The question of eternal life has intrigued humans from the beginning. In fact, concern about life beyond death seems to be one of the distinguishing marks of being human. Although we live within a linear time framework with a beginning and an end, our souls long for more, for eternal significance, meaning and life. God has made us in his image and given us his ‘nephesh’ (breath of life) which pulls us toward Him as the source of all that is eternal. Perhaps at one time mankind had the potential to live forever. After sin entered the Garden of Eden through Eve and then Adam, God said, “Man (Adam) must not be allowed to reach out his hand and take also from the tree of life and eat, and live forever.” (Genesis 3:12) What was this 'Tree of Life’? How would it have enabled Adam to live forever? Could it be something genetic and could the science of genetics eventually unlock this key?
There is a member of the animal kingdom that can potentially live forever? It is a tiny hydrozoan (about 0.18 inch maximum diameter) that lives at the bottom of the ocean and is called the ‘immortal jellyfish’ (Turritopsis Nutricula). When adverse conditions threaten the Turritopsis, it is able to reverse its sexual mature medussa stage and return to the immature polyp stage through a process called cellular transdifferentiation, where one type of cell changes into another type. In this way it is able to begin the growth process again, like the fictional character Benjamin Button, who began to grow younger after reaching maturity. The process is poorly understood by scientists and it is not known whether stem cells are involved.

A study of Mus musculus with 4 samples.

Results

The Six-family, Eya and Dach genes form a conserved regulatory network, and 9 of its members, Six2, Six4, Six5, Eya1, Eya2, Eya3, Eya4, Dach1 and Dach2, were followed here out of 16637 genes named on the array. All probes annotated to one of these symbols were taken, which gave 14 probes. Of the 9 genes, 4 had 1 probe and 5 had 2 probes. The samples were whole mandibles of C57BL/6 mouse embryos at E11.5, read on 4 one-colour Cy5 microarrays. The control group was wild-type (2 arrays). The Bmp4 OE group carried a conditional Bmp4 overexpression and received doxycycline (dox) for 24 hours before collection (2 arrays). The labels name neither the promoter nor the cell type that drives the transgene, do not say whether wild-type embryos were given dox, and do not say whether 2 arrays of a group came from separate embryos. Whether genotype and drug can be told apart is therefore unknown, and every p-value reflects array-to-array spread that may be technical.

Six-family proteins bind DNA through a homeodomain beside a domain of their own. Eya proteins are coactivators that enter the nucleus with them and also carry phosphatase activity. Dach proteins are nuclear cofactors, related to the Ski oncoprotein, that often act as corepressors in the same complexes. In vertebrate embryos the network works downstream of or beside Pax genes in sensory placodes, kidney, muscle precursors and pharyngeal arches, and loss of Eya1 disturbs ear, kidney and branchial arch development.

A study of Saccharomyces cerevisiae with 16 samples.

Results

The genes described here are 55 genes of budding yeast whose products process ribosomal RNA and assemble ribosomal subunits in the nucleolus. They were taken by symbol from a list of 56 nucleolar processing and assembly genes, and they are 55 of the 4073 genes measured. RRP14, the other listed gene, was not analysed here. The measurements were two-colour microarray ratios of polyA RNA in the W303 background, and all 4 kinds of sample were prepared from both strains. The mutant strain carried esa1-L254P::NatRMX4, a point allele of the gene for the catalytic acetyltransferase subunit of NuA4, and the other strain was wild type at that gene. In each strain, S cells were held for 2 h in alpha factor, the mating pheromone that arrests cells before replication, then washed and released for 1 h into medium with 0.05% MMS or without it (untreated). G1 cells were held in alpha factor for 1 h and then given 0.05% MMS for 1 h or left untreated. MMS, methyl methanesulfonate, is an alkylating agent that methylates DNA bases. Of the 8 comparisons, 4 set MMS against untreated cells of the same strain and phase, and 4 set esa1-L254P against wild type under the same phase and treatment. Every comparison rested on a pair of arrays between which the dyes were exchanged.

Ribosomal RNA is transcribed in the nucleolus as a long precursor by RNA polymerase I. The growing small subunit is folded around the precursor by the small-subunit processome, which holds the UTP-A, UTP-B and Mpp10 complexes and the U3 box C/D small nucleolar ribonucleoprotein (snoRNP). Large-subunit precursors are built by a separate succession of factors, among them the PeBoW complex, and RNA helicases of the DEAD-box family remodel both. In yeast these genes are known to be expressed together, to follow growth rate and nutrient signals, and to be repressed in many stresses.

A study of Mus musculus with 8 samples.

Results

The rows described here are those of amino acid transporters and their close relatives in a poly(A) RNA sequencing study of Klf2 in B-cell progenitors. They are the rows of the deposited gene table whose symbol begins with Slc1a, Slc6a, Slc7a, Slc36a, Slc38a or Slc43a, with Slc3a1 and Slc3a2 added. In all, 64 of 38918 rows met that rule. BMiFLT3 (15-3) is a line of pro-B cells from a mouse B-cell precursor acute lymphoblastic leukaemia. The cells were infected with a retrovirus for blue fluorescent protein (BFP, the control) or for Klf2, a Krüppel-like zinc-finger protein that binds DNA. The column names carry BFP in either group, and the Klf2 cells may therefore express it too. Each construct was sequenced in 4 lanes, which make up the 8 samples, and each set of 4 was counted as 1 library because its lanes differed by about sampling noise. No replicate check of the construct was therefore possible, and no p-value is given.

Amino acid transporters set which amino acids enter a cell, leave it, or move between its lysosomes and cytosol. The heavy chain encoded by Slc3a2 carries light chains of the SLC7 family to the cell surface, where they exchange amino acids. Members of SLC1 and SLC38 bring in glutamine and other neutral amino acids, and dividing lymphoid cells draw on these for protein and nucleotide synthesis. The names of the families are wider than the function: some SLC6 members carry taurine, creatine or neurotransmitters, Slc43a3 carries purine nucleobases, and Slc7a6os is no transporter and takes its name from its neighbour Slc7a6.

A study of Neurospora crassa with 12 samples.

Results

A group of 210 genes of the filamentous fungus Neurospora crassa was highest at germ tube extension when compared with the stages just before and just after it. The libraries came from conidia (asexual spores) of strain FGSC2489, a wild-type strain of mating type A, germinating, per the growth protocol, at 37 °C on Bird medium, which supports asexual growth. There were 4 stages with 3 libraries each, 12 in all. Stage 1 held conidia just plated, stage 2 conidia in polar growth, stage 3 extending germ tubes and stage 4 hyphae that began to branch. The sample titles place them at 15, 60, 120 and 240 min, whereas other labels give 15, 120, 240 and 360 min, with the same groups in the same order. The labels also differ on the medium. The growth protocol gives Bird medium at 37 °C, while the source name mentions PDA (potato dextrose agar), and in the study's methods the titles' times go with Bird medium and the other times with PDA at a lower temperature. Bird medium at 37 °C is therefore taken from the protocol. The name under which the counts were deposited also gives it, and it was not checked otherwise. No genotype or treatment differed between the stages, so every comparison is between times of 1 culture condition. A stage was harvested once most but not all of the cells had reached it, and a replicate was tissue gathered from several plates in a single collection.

The author of Ecclesiastes looks long and hard at the meaning of life, often with a skeptical eye. He writes, “For everything there is a time, and a season for every activity under heaven: a time to be born and a time to die, a time to plant and a time to uproot....” Following a poetic description of the significance of the passage of time, he adds, “God has made everything beautiful in its time. He has also set eternity in the hearts of men.” (Eccl 3:1-3, 11)
Although the idea of living forever in my physical body on earth is not particularly appealing, nor is the idea of endless cycles of reincarnation, the vision expressed by Apostle Paul offers a hope that gives meaning and direction to my life. “When the perishable has been clothed with the imperishable and the mortal with immortality, then the saying that is written will come true: Death has been swallowed up in victory.” (I Corinthians 15:54)
To learn more about the Turritopsis nutricula (or dohrnii) see the New York Times article: Can a jellyfish unlock the secret of immortality?